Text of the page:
Goosebumps Review

Goosebumps was produced by Sony Pictures Animation, LStar Capital, Original Film, Village Roadshow Pictures and Scholastic Entertainment. The film is distrusted by Columbia Pictures.

Goosebumps was produced by Sony Pictures Animation, LStar Capital, Original Film, Village Roadshow Pictures and Scholastic Entertainment. The film is distrusted by Columbia Pictures.

When you’re a kid, there’s a lot to be scared of. From bullies, to homework, to even that one girl/boy you like for reasons beyond your limited life experiences most kids are little balls of fear at some points in their lives. That being said, things can get worse when you add on top of that the works of R.L. Stine.

While most of the books I read (or pretended to read while thinking about ReBoot or whatever) were silly small mysteries (shout out to the Clue book series) it was Goosebumps that really caught my attention. With monsters and characters not to far off from who I was at the time, the stories were easy to get into, and easy to finish…well short of the one about mutant potatoes with teeth…it’s made eating baked potatoes difficult for me even to this day.

So when the creatures of Mr. Stine came to the big screen, it was natural that I was gonna check it out.

Goosebumps follows Zack Cooper (Dylan Minnette), a teen who moves to a new town after his father’s death. While moving in, Dylan is introduced to his new neighbours, a mysterious man trying to hide his identity as famous writer R.L. Stine (Jack Black) and his daughter Hannah (Odeya Rush).

While Stine tries to scare Zack off, he ends up fearing that Stine is holding Hannah captive. Along with his one new school friend Champ (Ryan Lee), the two break into the Stine house. Once inside the two end up finding the authors manuscripts, each one with a lock holding the pages shut. Once opened the monsters of the Goosebumps stories leave the book and terrorize the real world.

With Stine’s most notorious creation, Slappy, escaped he ends up freeing all of his monsters. It’s up to Zack, Champ, Hannah and Stine himself to trap the creatures back into the books and save their town.

On the surface Goosebumps is kind of a silly film. It tries to take a bunch of books that aren’t that long and brings them together to try and make a larger narrative out of them. While this might sound like a large task for a franchise with over 180 books, the movie ends up picking around four or five stories to focus on, non of which as interesting as the villainous puppet. During several points in the film, Slappy points out who similar it and Stine are, adding a interesting angle to the creator/creature relationship. They’re two sides of the same coin, with Slappy seemingly being all of the anger and darkness in Stine’s life.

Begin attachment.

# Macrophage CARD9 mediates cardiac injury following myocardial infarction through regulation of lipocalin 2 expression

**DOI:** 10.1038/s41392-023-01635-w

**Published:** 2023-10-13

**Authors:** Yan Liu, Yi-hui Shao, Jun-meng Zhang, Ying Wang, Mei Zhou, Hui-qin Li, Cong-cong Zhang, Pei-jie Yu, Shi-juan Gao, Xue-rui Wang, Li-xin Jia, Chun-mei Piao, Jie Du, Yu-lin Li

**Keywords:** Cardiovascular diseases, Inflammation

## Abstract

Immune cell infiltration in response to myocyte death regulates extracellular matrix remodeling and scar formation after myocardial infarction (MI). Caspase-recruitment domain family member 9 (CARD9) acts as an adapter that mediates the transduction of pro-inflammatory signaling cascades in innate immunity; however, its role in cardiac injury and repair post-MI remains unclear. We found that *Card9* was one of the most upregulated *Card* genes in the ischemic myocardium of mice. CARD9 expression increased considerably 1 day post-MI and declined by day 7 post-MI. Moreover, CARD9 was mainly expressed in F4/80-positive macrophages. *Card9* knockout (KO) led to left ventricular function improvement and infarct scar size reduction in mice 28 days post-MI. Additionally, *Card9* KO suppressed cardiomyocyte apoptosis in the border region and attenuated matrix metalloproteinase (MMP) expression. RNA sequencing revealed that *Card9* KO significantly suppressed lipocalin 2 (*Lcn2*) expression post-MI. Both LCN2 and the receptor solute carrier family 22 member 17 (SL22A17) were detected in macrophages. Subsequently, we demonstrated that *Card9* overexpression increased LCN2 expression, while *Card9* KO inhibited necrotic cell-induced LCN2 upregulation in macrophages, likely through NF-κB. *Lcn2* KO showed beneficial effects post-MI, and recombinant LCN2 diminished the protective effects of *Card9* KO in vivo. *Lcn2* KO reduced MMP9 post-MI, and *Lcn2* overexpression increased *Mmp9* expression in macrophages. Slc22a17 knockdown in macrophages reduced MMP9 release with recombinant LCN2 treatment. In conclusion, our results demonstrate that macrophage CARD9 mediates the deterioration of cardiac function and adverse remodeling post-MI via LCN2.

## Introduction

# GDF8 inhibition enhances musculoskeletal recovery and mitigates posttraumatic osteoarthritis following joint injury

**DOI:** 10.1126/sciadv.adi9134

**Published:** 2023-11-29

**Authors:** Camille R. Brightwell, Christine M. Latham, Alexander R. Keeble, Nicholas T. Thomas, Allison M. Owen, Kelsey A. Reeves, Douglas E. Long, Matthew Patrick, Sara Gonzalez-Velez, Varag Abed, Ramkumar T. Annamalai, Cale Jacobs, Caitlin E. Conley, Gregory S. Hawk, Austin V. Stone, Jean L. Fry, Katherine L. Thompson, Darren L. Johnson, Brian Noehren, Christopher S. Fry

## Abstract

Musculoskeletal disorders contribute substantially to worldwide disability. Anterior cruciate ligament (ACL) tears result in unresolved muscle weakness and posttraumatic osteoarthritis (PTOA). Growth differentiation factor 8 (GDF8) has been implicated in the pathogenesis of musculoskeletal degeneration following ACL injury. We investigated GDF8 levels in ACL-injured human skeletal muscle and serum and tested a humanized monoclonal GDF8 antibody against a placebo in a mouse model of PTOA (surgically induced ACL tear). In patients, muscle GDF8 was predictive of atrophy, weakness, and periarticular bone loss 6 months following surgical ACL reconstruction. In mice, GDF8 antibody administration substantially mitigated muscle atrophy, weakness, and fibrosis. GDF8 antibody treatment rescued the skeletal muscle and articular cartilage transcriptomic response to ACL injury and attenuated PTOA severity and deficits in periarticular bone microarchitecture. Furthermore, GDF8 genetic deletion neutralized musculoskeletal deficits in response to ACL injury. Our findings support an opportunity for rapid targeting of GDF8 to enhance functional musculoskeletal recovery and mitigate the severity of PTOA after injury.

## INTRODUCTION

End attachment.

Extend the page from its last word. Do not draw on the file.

When the dummy isn’t on screen the film also focuses on; a giant prying mantis, a werewolf, aliens, zombies/ghouls and an invisible boy. While there are some fun segments with each of the creatures, all of them are some of the more general and not extremely creative monsters in the Goosebumps collection. Sadly little to no time was given to Pick your Own Goosebumps monster Fifi The Vampire Poodle.

However, when the creatures are on screen they’re presented in a 3D animated style done by Sony Animation. While this idea might have sounds like a cool way of bridging the gap between the two studios, the effects don’t really impress that much short of the monsters leaving and returning to the page. Making it worse is the films 3D. In total there are maybe four or five segments that really use the gimmick technology at all, making it’s main purpose seemingly to sell a more expensive movie ticket.

While these monster segments are fun, they’re separated by large segments of the movie that leave a great deal to be desired. From lame puns to some tired and an overused tropes, Goosebumps feels like it could have used a fresh set of eyes during the screenplay stages of development.

Additionally, the film’s cast isn’t as deep as one would hope. While most films like this rely on younger actors, the only actor who really stood out was Jack Black in the roles of Stine, Slappy and the Invisible Boy. While Black might not have had the blockbuster career some might have hoped, Black is the life of this film bringing all the energy in the world. His best scene been during the giant mantis driving scene, which was legitimately one of the funniest moments in film this year.

Overall, Goosebumps is a safe movie. It features a paint by numbers script filled with cliches, terrible puns and the lame 3D that’s used more for profit then creativity but it also features some fun action set-prices and a solid performance from Jack Black. It’s not gonna be a Halloween classic anytime soon, but Goosebumps ends up doing enough to be memorable to young and old fans alike. If you’re looking for a spooky but not scary film this month, Goosebumps is solid.

Goosebumps was produced by Sony Pictures Animation, LStar Capital, Original Film, Village Roadshow Pictures and Scholastic Entertainment. The film is distrusted by Columbia Pictures.